Should I use a jingle in my broadcast advertising?
Since I am completely musically unqualified, I’m actually the perfect person to address this question for you. After all, I watch a little TV, and I occasionally listen to the radio. And I buy stuff.
How can I put this gently? After all, I’m not the company curmudgeon.
Most jingles are terrible.
If you must use a jingle (see Tip #5), please:
1. Be sure you tie your jingle to your product. There is a roofing company in my town whose share of voice is so strong that it has total top of mind awareness in our market. That’s due in large part to the frequency of their ads and their very catchy jingle. It is permanently stored in my auditory memory banks and reminds me who to call when my roof needs a re-do.
2. Make sure it’s a tune you are proud of. You are going to have to repeat that jingle every time you’re on the airwaves, so that people connect it to you and your product. Frequency is important. And if you can’t stand it, how do you think the listeners/viewers will feel?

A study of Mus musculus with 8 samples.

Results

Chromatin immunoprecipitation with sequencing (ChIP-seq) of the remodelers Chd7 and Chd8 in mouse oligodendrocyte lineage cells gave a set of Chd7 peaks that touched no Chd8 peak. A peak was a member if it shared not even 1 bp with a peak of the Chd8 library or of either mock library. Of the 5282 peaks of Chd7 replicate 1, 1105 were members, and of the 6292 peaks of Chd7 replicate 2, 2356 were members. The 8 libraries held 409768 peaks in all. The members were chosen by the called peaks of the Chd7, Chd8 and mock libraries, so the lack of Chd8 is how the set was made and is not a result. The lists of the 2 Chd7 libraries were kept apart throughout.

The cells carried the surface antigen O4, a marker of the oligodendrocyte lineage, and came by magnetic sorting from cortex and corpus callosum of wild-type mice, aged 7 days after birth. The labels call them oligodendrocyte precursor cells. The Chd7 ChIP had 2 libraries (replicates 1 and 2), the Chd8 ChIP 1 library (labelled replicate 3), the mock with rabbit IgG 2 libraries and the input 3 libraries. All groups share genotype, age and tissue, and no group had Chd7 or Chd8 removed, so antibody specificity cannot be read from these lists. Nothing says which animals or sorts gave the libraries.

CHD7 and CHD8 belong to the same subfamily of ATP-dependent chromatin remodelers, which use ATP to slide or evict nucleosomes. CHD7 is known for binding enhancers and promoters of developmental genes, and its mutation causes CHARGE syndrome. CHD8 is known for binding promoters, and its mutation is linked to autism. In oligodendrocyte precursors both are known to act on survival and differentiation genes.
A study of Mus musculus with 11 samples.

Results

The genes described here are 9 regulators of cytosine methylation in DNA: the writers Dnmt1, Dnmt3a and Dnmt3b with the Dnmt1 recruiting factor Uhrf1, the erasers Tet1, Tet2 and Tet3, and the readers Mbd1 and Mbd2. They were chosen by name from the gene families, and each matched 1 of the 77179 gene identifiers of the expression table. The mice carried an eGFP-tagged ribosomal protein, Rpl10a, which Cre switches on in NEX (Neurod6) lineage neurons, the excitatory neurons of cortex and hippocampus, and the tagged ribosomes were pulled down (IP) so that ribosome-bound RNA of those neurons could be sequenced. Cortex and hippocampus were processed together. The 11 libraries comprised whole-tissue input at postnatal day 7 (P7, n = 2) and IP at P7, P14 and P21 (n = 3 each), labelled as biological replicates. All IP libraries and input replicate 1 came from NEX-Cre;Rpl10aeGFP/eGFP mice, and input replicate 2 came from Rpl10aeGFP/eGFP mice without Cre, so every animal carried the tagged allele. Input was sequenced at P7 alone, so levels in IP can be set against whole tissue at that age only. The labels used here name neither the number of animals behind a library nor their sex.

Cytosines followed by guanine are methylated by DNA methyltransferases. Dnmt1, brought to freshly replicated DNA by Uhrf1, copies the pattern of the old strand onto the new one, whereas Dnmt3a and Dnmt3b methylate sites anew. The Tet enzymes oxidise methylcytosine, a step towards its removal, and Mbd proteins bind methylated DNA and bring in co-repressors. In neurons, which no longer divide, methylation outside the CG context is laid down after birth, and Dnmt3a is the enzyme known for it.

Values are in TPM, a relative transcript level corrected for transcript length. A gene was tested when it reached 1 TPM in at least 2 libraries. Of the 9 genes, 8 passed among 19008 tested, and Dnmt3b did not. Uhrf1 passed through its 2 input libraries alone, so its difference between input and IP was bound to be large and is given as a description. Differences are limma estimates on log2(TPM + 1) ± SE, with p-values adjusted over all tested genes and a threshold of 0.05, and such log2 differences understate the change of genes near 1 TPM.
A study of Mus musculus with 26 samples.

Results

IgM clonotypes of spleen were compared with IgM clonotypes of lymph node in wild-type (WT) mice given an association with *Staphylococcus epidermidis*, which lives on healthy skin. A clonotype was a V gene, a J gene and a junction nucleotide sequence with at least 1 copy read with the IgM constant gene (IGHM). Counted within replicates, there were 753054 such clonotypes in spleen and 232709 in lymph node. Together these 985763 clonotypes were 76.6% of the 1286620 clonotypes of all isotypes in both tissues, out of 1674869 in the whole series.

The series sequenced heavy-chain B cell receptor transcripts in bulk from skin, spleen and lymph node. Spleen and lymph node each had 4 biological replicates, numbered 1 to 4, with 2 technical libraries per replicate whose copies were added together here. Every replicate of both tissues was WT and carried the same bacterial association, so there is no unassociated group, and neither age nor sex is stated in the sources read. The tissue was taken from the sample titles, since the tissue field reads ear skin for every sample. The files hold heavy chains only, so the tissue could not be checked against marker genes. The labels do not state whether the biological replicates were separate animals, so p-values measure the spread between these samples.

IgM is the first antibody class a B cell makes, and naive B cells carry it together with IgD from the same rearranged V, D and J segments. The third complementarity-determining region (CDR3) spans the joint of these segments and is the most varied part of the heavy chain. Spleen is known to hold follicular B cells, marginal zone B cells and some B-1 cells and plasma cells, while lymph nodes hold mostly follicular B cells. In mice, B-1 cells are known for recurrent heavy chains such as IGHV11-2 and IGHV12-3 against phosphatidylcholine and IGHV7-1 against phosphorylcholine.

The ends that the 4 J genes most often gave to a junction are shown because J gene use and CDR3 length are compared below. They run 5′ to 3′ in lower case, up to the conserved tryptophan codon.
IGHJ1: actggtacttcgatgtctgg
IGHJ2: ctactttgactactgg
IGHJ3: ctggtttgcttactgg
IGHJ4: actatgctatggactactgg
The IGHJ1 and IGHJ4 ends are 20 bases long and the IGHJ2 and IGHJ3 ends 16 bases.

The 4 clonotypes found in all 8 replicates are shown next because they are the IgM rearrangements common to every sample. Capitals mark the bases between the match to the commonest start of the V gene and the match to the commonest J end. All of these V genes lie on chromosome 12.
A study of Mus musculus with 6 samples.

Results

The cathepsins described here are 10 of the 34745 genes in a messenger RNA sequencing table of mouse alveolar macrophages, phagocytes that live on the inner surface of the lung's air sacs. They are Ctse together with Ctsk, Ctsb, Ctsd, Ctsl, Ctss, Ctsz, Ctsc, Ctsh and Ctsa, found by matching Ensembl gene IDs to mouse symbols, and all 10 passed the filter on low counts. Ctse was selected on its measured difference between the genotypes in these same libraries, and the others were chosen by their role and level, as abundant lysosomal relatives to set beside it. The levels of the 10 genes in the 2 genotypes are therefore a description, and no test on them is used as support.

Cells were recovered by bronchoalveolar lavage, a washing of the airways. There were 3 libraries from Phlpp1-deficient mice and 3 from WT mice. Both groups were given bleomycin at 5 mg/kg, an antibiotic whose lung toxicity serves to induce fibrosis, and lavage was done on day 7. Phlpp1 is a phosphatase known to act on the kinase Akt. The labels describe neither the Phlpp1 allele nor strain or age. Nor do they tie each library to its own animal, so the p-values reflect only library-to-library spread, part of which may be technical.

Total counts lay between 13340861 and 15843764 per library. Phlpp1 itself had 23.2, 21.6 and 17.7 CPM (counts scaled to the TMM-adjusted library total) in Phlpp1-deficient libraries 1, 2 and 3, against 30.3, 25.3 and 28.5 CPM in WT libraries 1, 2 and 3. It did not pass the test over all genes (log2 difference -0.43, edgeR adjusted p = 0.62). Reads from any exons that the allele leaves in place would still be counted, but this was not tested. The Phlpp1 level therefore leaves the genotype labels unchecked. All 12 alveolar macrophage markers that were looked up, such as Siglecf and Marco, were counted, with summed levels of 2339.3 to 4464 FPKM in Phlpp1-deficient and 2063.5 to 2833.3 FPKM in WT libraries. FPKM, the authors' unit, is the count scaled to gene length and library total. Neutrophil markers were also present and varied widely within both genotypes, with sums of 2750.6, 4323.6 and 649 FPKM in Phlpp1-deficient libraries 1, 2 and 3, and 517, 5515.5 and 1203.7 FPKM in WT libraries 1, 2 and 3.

3. Keep the melody simple. I can still remember the phone number to my local mass transit company because of the jingle they played back when I was in college in the days when everyone listened to radio. It was a simple melody that gave their phone number, and that was about it. I can still tell you how to get a hold of the MTD. (Call 384-8188. Call M-T-D.)
4. Use enough words but not too many. Many jingles tried to stuff themselves with words like ricotta busting out of a ravioli. Do yourself a favor and give the lyrics a good editing. Keep it to the essential; keep it simple. See Tip #3.
5. Consider using no jingle at all. This is the most important tip. If every ad that comes on the radio or television in your market has a music bed and a snappy jingle, what if yours doesn’t? The message just might stand out even more and cut right through the noise and clutter to capture the viewer/listener’s attention.
After all, what’s the goal of a jingle?
You want your business to be remembered, right? Here are a few other ways to do that:
- Deliver a shockingly good customer experience.
- Come up with systems, policies and procedures that triple-trump your competition.
- Use a distinctive voice in your marketing… namely, your own.
- Know – and share – what you stand for and against with your customers and in your marketing.
- In your advertising, talk to people about what matters to people in the language people use.
These are just a few suggestions, and if ultimately, you do decide to use a jingle, trust me. There’s really only one person you want singing it.